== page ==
8. Propagating Content Filters¶
Routing Service can be configured to propagate the content filter information associated with user DataReaders to the user DataWriters.
When this functionality is enabled, the user DataWriters receive information about the data sets subscribed to by the user DataReaders. The DataWriters can use that information to do writer-side filtering  and propagate only the samples belonging to the subscribed data sets. This results in more efficient bandwidth usage as well as in less CPU consumption in the Routing Service instances and user DataReaders.
Figure 8.1 shows a scenario where communication between DataWriters and DataReaders is relayed through one or more Routing Services that do not propagate content filters. The user DataWriters will send on the wire all the samples they publish, since they cannot make assumptions about what the user DataReaders want. This default behavior incurs unnecessary bandwidth and CPU utilization since the filtering will occur on the DDS DataWriter SWN.
Enabling filter propagation makes it possible to perform writer-side filtering from the user DataWriters, since they receive a composed filter that represents the data set subscribed to by all the user DataReaders, as shown in Figure 8.2.
|||The ability to perform writer-side filtering is subject to some restrictions. For the sake of this discussion, we will assume that the configuration of DataReaders, DataWriters, and Routing Services is such that writer-side filtering is allowed|
8.1. Enabling Filter Propagation¶
Filter propagation is disabled by default in Routing Service. You can enable filter
propagation with the
<filter_propagation> tag available under the TopicRoute
configuration (see Section 4.5.6) and AutoTopicRoute configuration
(see Section 4.5.8).
8.2. Filter Propagation Behavior¶
Without filter propagation, the only way to enforce writer-side filtering in a scenario involving one or more Routing Services between the user DataWriters and user DataReaders is by statically configuring the content filter individually for each DDS StreamReader. This method has two main disadvantages:
- It requires knowing beforehand the data set subscribed to by the user DataReaders.
- The filters in the StreamReaders are not automatically updated based on changes to the filters in the user DataReaders. This may affect not only bandwidth utilization but also correctness. For example, a user DataReader may not receive a sample because it has been filtered out by one of the StreamReaders.
Filter propagation can address the above issues by dynamically updating the StreamReaders filters. The composed filter associated with a StreamReader in a Route is built by aggregating the filter information associated with all DataReaders that match the Route’s StreamWriter, as shown in Figure 8.3.
The composed filter (CF) is the union of the matching DataReaders filters; it allows passing any sample that passes at least one of the DataReader filters.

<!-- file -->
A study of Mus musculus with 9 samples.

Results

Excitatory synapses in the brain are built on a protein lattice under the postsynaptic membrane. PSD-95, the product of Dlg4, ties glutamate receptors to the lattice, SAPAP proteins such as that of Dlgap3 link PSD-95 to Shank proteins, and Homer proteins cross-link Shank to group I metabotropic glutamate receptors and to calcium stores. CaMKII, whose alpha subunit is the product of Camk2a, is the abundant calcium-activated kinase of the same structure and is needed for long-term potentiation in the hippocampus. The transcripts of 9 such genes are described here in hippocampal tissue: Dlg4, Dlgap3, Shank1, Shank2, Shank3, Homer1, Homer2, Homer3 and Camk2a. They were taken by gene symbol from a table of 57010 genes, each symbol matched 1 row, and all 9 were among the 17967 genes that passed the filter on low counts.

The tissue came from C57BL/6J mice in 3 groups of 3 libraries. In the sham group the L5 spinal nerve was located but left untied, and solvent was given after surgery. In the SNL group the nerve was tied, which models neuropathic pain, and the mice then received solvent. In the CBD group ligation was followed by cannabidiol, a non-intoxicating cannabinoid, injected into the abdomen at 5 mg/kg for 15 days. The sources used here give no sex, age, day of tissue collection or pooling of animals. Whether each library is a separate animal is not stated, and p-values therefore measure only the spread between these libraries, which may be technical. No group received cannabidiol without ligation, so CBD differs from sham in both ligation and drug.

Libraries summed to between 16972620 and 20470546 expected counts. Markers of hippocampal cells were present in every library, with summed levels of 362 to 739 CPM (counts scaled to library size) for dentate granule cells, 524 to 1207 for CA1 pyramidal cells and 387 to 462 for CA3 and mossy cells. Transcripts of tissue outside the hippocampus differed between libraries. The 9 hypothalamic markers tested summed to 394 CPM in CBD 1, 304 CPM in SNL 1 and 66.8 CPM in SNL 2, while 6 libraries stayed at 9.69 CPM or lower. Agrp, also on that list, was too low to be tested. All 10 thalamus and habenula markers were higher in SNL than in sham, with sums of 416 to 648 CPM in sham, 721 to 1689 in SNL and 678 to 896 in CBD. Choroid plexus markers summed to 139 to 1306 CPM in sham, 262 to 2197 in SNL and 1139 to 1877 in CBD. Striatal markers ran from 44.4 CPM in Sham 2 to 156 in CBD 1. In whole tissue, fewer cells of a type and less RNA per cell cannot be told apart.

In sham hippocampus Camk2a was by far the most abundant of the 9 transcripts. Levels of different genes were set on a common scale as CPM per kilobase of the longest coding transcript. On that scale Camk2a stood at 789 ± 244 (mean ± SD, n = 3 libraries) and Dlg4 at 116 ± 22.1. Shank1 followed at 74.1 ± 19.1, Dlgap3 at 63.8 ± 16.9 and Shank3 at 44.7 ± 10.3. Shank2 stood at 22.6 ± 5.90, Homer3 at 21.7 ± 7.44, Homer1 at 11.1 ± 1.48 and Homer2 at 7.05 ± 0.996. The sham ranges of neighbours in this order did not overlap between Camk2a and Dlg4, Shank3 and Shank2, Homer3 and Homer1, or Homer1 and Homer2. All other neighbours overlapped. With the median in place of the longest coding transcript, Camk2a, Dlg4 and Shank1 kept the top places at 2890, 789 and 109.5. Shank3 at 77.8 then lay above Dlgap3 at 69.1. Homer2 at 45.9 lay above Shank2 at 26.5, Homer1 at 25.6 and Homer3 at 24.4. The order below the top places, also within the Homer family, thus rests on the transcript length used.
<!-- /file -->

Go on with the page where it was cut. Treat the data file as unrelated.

For the SQL filter, the union operator is OR:
Filter propagation occurs within a Route as follows: the Route output StreamWriter gathers the filter information coming from all of its matching DataReaders and provides the resulting composed filter to the Route input StreamReader, whose DataReader is responsible for sending this information to all of its matching DataWriters.
8.3. Filter Propagation Events¶
The following events will cause a StreamReader’s filter to be updated and propagated:
- Route StreamReader creation: The initial filter is set to the stop-band filter, which is a special kind of filter that does not let any sample pass. This filter is propagated upon StreamReader creation and it will remain unchanged until a matching DataReader to the Route StreamWriter is discovered.
- Discovery of a matching DataReader in a DataReader: The filter of the discovered DataReader will be aggregated to the existing StreamReader’s filter, which will be propagated after being updated. If the discovered DataReader does not have a filter (subscribes to all the samples) or it has a non-SQL filter, the StreamReader’s filter is set to the all-pass filter (a special filter that lets all sample pass). The all-pass filter will remain set until there are no matching DataReaders to the Route StreamWriter without a filter or with a non-SQL filter.
- A matching DataReader changes its filter, either in the expression or in the parameters: The StreamReader’s filter is updated to incorporate the latest changes and is propagated afterwards.
Filter propagation cannot be enabled when:
- Using Routes or AutoRoutes, since they are meant to work with other adapters different than the builtin DDS one.
- A transformation is present in the TopicRoute’s output.
- Using remote administration, if the TopicRoute was enabled and started with filter propagation initially disabled.
- If the StreamReader’s ContentFilter class is not the builtin SQL filter. Filter propagation is not currently supported with other filter classes.